Like Road Runner, the Affordable Care Act continues to outrun its hapless opponents, forcing them to resort to increasingly zany strategies in an effort to stop it. On Thursday, the Supreme Court turned back the latest challenge to Obamacare, rejecting an unusual argument against the law’s subsidies in certain states, which rested on an out-of-context reading of the law’s wording. The very fact that the court agreed to hear the case was a surprise, and the 6-3 ruling, written by Chief Justice John Roberts, rightly leaves the law unscathed.
If this were the cartoons, Wile E. Coyote would be back to his old tricks tomorrow, with a crate of TNT — or perhaps just an even more tendentious legal challenge to the health law. But this is not the cartoons, and opponents of Obamacare would be better advised to take advantage of the court’s decision as an opportunity to move past their crude stop-at-any-cost rhetoric.
When Obama signed the law in 2010, GOP opponents predicted doom and gloom, and vowed to fight it with every weapon they could find. Since the law was so complicated, and its impacts on ordinary consumers so difficult at first to understand, opponents were able to get traction with some of those overheated attacks on the law. But time has not been kind to the credibility of Obamacare foes. The “death panels” and job destruction they warned of have not occurred. Instead, the number of uninsured has dropped. The law is working, and millions of voters now experience its benefits.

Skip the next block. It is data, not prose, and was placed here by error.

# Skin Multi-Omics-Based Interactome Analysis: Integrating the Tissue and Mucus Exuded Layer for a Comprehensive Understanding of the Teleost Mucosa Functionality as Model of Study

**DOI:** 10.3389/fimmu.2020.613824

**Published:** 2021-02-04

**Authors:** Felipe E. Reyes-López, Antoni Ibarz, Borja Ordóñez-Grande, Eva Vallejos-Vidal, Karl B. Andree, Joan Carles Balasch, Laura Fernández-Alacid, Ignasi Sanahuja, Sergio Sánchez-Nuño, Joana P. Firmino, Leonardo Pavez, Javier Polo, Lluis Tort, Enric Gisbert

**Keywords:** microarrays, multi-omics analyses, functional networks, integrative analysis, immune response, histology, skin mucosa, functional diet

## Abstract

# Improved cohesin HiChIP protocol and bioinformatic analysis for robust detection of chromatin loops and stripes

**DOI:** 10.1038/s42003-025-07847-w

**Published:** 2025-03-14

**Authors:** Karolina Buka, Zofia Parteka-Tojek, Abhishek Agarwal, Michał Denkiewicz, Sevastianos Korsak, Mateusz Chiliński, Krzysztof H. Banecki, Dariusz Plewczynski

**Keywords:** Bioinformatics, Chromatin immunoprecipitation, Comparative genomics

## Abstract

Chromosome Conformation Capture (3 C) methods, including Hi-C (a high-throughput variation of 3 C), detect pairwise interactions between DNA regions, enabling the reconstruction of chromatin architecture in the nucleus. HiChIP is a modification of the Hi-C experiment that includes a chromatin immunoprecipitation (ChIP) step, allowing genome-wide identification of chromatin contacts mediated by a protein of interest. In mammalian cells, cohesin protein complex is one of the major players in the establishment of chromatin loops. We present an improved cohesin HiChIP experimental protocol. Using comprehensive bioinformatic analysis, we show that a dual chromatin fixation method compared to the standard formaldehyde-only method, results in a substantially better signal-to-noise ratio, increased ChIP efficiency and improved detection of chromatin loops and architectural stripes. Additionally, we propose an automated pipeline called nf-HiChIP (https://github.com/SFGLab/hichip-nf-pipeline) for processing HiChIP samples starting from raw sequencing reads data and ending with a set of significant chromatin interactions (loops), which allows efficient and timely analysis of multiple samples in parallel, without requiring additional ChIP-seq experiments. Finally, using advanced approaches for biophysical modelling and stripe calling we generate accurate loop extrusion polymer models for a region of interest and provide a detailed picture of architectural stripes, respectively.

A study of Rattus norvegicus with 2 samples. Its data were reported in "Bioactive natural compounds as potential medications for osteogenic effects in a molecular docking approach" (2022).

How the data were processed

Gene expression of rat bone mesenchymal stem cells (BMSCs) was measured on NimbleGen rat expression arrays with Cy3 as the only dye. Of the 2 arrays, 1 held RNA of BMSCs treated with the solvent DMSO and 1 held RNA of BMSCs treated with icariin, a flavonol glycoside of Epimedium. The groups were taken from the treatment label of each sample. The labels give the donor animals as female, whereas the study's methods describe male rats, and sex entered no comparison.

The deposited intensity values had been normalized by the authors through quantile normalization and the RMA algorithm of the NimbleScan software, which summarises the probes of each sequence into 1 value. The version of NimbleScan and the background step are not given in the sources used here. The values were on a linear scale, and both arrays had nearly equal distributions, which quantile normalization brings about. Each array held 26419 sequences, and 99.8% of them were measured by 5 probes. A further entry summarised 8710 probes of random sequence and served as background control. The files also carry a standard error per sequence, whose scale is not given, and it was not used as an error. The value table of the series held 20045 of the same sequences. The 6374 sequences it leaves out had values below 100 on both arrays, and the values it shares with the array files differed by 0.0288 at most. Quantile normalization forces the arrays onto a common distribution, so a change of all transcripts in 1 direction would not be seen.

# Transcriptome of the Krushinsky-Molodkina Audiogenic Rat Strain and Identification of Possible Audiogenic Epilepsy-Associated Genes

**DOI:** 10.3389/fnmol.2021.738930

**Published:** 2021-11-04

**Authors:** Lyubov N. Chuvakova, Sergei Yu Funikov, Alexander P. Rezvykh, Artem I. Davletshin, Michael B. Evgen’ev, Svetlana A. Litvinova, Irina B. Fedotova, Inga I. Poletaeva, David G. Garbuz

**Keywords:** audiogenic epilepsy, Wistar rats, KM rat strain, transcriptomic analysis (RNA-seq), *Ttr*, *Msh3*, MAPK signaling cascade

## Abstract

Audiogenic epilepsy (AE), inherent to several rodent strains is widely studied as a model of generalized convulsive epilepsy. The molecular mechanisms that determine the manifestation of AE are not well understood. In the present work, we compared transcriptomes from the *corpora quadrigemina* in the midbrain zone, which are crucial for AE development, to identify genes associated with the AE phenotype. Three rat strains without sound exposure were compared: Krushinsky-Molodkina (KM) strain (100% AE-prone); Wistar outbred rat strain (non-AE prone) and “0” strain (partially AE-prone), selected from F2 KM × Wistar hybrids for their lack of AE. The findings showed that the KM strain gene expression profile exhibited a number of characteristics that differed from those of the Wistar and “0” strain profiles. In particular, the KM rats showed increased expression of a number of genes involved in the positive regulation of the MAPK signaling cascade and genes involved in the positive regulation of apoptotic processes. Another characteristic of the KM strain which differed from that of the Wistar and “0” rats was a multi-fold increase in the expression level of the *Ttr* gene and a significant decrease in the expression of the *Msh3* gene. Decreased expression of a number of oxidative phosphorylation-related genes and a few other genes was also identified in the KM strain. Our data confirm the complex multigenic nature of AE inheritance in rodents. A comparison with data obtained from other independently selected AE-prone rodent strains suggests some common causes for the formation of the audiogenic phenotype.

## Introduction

At this point, endorsing further efforts to gut Obamacare, without offering a credible alternative, means campaigning against those real gains — and against those real voters. That’s a new reality that some Republican lawmakers clearly already grasp, which is why those who seemed most nervous about King v. Burwell in the months leading up to the decision were Republican governors and state legislators, who understood they’d be blamed if their constituents lost health insurance subsidies as a result of the lawsuit.
Indeed, as a political matter it might have been interesting had the court sided against Obama and called the critics’ bluff. Such a ruling would have had no effect on states like Massachusetts or Connecticut, which have embraced Obamacare. It would have affected only states like Pennsylvania and Michigan that rejected setting up their own insurance exchanges. Such a ruling would have suddenly turned what many states thought was merely a symbolic gesture of resistance to Obamacare into an action with real consequences, and forced politicians in those states to choose between their posturing and their money. The weeks of anticipation before the decision were enough to start tilting the landscape in favor of cooler heads, as the mere prospect of losing subsidies convinced Pennsylvania, Delaware, and Arkansas to take steps to set up exchanges.
For those states to have made decisions based on the law’s actual impact, rather than on 2010-vintage political scaremongering, marks real progress. Opponents are clearly beginning to realize that the sweeping vilifications of the law that might have resonated in 2010, when Obamacare was still poorly understood, won’t work when so many Americans have a personal stake in the Affordable Care Act. The ripples of anxiety that many Republican-led states experienced as the court weighed King v. Burwell should be the case’s most important legacy. Like any complicated law, Obamacare isn’t perfect, and if Republicans can suggest good-faith changes, they should. But it’s time for the cartoon version of health care policy making to end.